Bonamassa is interviewed in the new issue of Guitarist and discusses the highlights of his immense collection. When it comes to the price paid, though, his Donny J Flying V lies at the very top of that pile, having cost the blues rock ace more than $400,000.
“This is a mint-condition '58 Flying V I call Donny J,” Bonamassa tells Guitarist. “I got it from my friend Don in Oklahoma. He bought it in 1976 for $1,100, which was a lot of money.
“It belonged to a preacher outside of Oklahoma City. I always thought it would be an odd sight going to church and seeing your pastor rocking a Flying V.”
Adjusting for inflation, $1,100 in 1976 would be around $6,000 in 2023 prices. Nowadays, though, original korina Flying Vs and Explorers routinely fetch far, far higher prices – indeed, they routinely rank among the most valuable electric guitars on the vintage market.
As such, Bonamassa says he paid a much higher premium for the Flying V when he picked it up four years ago.
“All my korinas have provenance going back to day one, pretty much,” says Bonamassa. “This one's mint and is the cleanest I've ever seen – although, allegedly, there's one in New Hampshire that's just as clean. It also has a mint case.
“When I made the deal with Don I said, ‘Don, in 1976, it wasn't cheap. And it's not cheap in 2019, either.’ He goes, ‘No. It isn't.’ In fact, it's the most money I've ever paid for a guitar in my life: over $400,000.”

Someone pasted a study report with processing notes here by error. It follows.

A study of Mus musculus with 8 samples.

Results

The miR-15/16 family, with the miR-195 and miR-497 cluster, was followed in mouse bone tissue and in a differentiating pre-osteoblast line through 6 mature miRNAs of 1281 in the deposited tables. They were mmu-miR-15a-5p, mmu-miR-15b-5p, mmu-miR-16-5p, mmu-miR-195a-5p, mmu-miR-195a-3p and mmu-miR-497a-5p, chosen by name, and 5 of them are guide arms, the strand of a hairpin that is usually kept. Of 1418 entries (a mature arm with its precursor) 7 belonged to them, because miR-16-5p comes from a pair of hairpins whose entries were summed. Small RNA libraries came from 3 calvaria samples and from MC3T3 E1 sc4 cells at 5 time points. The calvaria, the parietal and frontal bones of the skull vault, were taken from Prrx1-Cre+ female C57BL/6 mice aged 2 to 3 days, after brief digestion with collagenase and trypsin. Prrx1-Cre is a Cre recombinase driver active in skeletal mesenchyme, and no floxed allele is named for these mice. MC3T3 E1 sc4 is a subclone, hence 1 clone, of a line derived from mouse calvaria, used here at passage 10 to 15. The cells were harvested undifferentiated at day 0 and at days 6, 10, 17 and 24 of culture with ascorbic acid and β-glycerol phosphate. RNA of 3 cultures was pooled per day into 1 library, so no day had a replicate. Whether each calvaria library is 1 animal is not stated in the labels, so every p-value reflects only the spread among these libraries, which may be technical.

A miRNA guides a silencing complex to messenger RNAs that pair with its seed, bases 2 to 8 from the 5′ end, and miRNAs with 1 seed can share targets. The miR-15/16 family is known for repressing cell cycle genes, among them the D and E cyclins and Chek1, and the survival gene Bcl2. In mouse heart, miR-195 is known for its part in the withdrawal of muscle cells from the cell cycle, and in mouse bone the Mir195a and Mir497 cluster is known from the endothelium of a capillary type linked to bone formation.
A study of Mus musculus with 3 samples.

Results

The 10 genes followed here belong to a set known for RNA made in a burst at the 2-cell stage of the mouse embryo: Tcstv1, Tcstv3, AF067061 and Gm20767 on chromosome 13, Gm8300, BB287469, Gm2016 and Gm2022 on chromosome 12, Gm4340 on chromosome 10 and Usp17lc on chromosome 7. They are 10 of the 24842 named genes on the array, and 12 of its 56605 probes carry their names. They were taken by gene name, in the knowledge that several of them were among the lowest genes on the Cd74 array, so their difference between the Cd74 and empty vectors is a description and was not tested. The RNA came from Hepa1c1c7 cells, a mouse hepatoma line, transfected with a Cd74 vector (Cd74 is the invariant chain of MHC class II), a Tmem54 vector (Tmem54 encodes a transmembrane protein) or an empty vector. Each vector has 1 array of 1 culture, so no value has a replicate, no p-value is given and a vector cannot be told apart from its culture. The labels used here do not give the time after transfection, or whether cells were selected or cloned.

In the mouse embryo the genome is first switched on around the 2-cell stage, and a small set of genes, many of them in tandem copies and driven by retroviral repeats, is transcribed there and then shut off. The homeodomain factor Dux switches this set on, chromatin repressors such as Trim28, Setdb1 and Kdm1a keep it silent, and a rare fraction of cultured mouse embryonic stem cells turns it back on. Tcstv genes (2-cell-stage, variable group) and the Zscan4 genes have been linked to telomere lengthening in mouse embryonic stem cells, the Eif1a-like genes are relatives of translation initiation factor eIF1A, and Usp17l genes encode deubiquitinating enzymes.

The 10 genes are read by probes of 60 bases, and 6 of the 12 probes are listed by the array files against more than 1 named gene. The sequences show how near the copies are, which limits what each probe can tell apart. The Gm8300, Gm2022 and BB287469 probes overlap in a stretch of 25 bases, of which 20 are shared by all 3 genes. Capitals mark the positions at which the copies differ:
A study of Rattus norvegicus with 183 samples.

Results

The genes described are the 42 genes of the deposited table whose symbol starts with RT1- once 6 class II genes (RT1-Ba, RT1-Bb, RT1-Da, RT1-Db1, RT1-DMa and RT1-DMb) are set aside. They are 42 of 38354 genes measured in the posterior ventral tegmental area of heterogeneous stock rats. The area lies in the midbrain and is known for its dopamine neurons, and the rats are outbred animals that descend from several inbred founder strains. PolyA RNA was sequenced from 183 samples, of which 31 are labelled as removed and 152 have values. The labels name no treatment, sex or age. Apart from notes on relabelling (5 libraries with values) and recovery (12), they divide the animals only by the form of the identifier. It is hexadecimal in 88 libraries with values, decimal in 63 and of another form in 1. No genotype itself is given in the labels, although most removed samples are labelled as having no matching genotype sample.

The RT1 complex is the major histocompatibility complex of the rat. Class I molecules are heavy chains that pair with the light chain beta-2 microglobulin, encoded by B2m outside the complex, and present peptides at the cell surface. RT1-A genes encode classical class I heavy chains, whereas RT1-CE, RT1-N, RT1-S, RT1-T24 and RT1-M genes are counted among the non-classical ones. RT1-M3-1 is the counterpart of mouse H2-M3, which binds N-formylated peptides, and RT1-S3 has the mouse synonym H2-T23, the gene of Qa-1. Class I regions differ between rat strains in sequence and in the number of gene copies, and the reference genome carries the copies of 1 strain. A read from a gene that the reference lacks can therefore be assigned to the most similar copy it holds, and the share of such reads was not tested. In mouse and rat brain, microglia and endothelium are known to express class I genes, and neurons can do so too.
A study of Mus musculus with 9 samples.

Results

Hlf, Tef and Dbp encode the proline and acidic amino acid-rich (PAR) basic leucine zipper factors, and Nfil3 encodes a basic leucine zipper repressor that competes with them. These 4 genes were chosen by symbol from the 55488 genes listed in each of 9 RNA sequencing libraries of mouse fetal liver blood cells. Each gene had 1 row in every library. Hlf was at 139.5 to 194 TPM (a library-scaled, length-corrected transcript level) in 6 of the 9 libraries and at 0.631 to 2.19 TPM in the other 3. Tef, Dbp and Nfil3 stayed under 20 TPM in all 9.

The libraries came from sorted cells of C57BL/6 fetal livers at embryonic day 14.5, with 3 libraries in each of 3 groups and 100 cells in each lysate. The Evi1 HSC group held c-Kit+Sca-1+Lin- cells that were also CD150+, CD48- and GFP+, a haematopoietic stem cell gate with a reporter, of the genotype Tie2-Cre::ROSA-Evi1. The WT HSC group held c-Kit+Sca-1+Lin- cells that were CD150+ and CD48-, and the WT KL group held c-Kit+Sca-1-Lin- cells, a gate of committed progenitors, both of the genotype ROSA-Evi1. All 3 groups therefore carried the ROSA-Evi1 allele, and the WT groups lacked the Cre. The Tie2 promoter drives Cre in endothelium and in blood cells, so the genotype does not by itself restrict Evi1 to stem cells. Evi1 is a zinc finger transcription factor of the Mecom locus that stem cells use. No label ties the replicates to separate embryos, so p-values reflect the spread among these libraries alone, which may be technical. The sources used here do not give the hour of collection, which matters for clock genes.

As mentioned, any original Flying V carries a huge premium. It's acquired iconic status over the decades, but was regarded as a flop following its launch in 1958. Indeed, the space-age design proved so unpopular it was discontinued by ’59.
As such, Gibson’s initial production run resulted in just 98 instruments, making them some of the rarest guitars in the company’s storied history.
It’s an astonishing price tag, ultimately, but then, as Bonamassa argues: “What's a Flying V worth? It's worth what someone's willing to pay for it.”
Elsewhere, in the same issue of Guitarist, Bonamassa tells the story of the strangest guitar deal he ever did.
“I made a deal, paid him in cash, and he died two months later,” says the collector of his deal to secure a 1960 Gibson Les Paul Standard, known as the Bolin ’Burst. “His last text to his daughter was, ‘I buried the money in the desert.’”
For more highlights from Bonamassa’s immense vintage guitar collection, plus in-depth discussion of his new album, Blues Deluxe II, pick up issue 504 of Guitarist.